Updated on February 13, 2014
An example of early blight on tomato stems...
An example of early blight on tomato stems...
...and on the actual tomato fruit.
...and on the actual tomato fruit.

Recognizing Early Blight

  • Early blight is a fungus that attacks tomato plants, potato plants, eggplants and other wild plants that are tomato-related. You will think you are seeing spots and a bull's eye when you have early blight, as it appears as small brown to black spots, which are usual oval, but sometimes irregularly shaped.
  • The spots will appear on the leaves and the tissue around the spots may turn yellow. Often, the entire leaf turns yellow. The bull's eye appears when concentric rings in the legion form and appear to be a "target" of sorts.
  • The first leaves to become infected are the oldest and the lowest on the plant. They begin to droop and become very dry. Then, they die.
  • Tubers are also affected by early blight, but not as often as the leaves. The tuber lesions look like dark, sunken spots. Tomatoes that are infected will develop dark and leathery sunken spots near the stem. The spots on tubers are large and may have concentric ridges similar to the ones on infected leaves.

Managing Early Blight Fungus

  • The only way to manage early blight is to get rid of all signs as soon as you see them. Remove and destroy the spotted leaves, and rake and burn the dry vines of the affected plants after harvest has been completed.
  • You might want to spray with a fungicide containing chlorothalonil, but contact the local Cooperative Extension office before you do so because some fungicides are for regional use only, and you just might not be in the right region to use that particular fungicide.
  • DO NOT COMPOST infected tubers.

Preventing Early Blight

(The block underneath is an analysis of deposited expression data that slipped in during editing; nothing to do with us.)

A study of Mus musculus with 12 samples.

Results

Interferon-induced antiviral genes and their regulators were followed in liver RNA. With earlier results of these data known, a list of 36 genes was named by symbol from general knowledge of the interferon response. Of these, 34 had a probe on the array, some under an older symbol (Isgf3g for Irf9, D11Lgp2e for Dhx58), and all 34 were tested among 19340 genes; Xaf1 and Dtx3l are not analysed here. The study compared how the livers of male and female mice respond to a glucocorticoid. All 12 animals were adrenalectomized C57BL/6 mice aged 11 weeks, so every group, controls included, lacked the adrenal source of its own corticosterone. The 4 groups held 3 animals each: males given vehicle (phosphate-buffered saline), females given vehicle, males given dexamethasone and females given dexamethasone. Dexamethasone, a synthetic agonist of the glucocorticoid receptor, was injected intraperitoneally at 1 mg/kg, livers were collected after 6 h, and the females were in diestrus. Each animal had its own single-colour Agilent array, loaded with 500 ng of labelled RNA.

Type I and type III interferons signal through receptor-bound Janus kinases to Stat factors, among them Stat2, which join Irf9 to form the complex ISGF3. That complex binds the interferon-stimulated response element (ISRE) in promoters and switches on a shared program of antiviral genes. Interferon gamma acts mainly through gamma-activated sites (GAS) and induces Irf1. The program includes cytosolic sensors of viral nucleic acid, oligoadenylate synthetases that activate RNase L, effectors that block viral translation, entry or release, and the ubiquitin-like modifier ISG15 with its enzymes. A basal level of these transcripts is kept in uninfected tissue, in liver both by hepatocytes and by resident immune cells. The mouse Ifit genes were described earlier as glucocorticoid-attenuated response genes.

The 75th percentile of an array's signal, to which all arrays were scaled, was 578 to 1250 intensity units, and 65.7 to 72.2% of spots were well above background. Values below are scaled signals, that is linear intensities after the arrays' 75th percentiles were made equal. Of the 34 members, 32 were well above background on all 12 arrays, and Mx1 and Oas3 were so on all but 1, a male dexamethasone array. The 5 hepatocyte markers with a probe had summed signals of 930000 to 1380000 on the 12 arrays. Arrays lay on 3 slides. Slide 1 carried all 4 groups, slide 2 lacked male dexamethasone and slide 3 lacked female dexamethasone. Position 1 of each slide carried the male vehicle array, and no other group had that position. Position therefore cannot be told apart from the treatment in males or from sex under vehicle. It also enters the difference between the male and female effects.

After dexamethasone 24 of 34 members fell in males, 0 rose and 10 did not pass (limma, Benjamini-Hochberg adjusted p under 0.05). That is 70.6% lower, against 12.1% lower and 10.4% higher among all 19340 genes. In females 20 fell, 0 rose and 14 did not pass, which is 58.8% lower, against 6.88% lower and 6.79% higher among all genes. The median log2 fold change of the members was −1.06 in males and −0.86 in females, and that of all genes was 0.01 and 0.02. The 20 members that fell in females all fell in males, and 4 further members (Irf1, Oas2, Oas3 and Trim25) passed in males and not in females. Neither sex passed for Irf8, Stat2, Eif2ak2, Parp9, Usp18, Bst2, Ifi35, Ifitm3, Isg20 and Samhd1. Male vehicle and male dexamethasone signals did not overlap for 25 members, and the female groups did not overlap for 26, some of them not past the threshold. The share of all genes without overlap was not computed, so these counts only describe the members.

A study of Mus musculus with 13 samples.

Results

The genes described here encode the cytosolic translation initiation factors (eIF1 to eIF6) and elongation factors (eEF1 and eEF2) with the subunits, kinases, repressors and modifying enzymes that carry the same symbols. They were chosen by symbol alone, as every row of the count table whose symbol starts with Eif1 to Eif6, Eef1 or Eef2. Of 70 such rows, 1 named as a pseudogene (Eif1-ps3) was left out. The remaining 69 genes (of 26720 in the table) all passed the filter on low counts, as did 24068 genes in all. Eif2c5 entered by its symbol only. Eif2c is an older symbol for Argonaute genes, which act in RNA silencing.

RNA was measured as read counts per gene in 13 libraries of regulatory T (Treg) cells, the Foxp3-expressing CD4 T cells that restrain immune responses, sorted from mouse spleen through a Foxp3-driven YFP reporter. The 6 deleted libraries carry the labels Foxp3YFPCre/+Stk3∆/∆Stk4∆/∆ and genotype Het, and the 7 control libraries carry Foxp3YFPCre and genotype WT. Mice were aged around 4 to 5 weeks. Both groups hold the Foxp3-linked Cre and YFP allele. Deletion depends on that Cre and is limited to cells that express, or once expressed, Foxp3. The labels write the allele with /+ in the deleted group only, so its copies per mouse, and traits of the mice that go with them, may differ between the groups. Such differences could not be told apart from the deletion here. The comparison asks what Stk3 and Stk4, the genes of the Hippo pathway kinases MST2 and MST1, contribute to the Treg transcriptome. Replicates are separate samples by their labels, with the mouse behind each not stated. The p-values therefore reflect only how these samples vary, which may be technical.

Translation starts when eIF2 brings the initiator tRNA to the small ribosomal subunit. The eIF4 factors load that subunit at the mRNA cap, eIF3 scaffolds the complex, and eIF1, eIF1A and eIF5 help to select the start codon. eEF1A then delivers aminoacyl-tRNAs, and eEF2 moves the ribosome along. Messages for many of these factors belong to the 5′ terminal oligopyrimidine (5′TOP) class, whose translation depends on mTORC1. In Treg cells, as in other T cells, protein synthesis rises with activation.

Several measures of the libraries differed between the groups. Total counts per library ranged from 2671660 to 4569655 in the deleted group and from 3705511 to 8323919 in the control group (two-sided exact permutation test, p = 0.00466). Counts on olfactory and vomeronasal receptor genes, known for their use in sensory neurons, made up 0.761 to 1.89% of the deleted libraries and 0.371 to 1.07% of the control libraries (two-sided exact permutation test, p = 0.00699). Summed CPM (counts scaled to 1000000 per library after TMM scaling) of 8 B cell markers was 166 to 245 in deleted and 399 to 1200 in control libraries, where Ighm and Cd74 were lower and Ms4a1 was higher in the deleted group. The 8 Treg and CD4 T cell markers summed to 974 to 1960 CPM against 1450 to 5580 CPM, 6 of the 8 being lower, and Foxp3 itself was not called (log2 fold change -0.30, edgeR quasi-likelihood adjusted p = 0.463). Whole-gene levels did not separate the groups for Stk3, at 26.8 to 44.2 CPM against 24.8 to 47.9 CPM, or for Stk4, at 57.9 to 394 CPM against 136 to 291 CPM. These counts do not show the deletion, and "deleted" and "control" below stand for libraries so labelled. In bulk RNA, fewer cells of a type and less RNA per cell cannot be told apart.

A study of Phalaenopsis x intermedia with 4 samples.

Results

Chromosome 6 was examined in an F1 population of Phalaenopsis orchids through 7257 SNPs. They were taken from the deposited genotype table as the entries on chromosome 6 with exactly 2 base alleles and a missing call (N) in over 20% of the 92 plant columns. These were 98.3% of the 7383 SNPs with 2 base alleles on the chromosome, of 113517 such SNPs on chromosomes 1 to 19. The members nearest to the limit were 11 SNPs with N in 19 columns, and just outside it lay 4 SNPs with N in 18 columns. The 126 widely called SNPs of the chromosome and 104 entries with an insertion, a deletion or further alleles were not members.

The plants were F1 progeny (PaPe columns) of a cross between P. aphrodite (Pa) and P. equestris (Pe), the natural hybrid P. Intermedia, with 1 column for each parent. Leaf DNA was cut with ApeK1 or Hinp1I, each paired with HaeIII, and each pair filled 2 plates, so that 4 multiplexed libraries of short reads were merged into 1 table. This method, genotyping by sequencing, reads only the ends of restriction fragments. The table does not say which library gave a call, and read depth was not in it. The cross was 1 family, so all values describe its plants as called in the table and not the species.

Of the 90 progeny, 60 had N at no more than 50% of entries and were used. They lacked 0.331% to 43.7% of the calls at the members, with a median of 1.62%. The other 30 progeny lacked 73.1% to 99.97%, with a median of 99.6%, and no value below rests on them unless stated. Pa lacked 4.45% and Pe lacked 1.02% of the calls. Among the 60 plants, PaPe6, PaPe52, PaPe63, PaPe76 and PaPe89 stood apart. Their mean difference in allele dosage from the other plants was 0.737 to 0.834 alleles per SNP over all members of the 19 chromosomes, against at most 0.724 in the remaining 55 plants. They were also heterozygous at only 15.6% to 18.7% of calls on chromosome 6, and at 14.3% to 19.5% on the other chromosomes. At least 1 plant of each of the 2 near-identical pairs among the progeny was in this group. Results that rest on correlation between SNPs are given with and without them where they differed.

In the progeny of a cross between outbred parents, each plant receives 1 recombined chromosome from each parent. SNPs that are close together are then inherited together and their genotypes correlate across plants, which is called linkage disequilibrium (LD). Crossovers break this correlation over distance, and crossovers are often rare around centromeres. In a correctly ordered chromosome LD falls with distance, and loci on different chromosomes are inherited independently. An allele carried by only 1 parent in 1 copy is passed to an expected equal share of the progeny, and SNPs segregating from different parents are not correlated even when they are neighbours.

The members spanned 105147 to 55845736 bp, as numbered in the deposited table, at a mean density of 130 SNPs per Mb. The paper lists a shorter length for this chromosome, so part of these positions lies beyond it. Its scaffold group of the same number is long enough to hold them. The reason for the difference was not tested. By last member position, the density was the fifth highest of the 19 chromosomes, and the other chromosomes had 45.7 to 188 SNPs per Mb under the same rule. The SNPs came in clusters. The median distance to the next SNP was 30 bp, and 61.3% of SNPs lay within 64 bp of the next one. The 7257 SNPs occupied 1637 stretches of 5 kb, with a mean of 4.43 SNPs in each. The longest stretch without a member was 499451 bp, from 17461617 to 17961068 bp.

• As you have read in my articles time after time, don't plant the varieties of these plants that are not resistant to the disease that your plants are stuck with. Check with your local Cooperative Extension office if you want to find out which ones are resistant in your zone, or you can use seed potatoes that have been certified as disease free by your state's department of agriculture.
  • Rotate the crops that get early blight with crops that do NOT get early blight. These are some additional tips that will help in your plight to end the blight.
  • Avoid overhead watering
  • Don't water during cool, cloudy conditions
  • Learn proper fertilization techniques
  • Thin the plants so that they receive enough light and air to reach all parts
  • Handle carefully during harvest - fungus can enter through bruises
  • Eliminate weeds as much as possible
  • Clean up! and Destroy all debris!
  • Conditions that are favorable for early blight are times of heavy dew, heavy rain and warm air temperatures. This fungus, Alternaria solani, is more severe toward the end of the growing season. The spores that spread this disease can survive in plant debris for a year or more.

Fried green tomatoes for supper?  I don't think so!
Fried green tomatoes for supper? I don't think so!
Concentric circles like these on the leave of tomato plants are a sign of early blight.
Concentric circles like these on the leave of tomato plants are a sign of early blight.



      Mike and Dorothy McKenney 5 years ago from United States

      Thank you for stopping by. Sometimes we all just need a little nudge to keep us going in the right direction with our plants.

    • chspublish profile image

      chspublish 5 years ago from Ireland

      Very good advice, because I have to admit I can be quite careless and your well-laid out hub is more than reminding me to keep watch and do the right things. Good growing!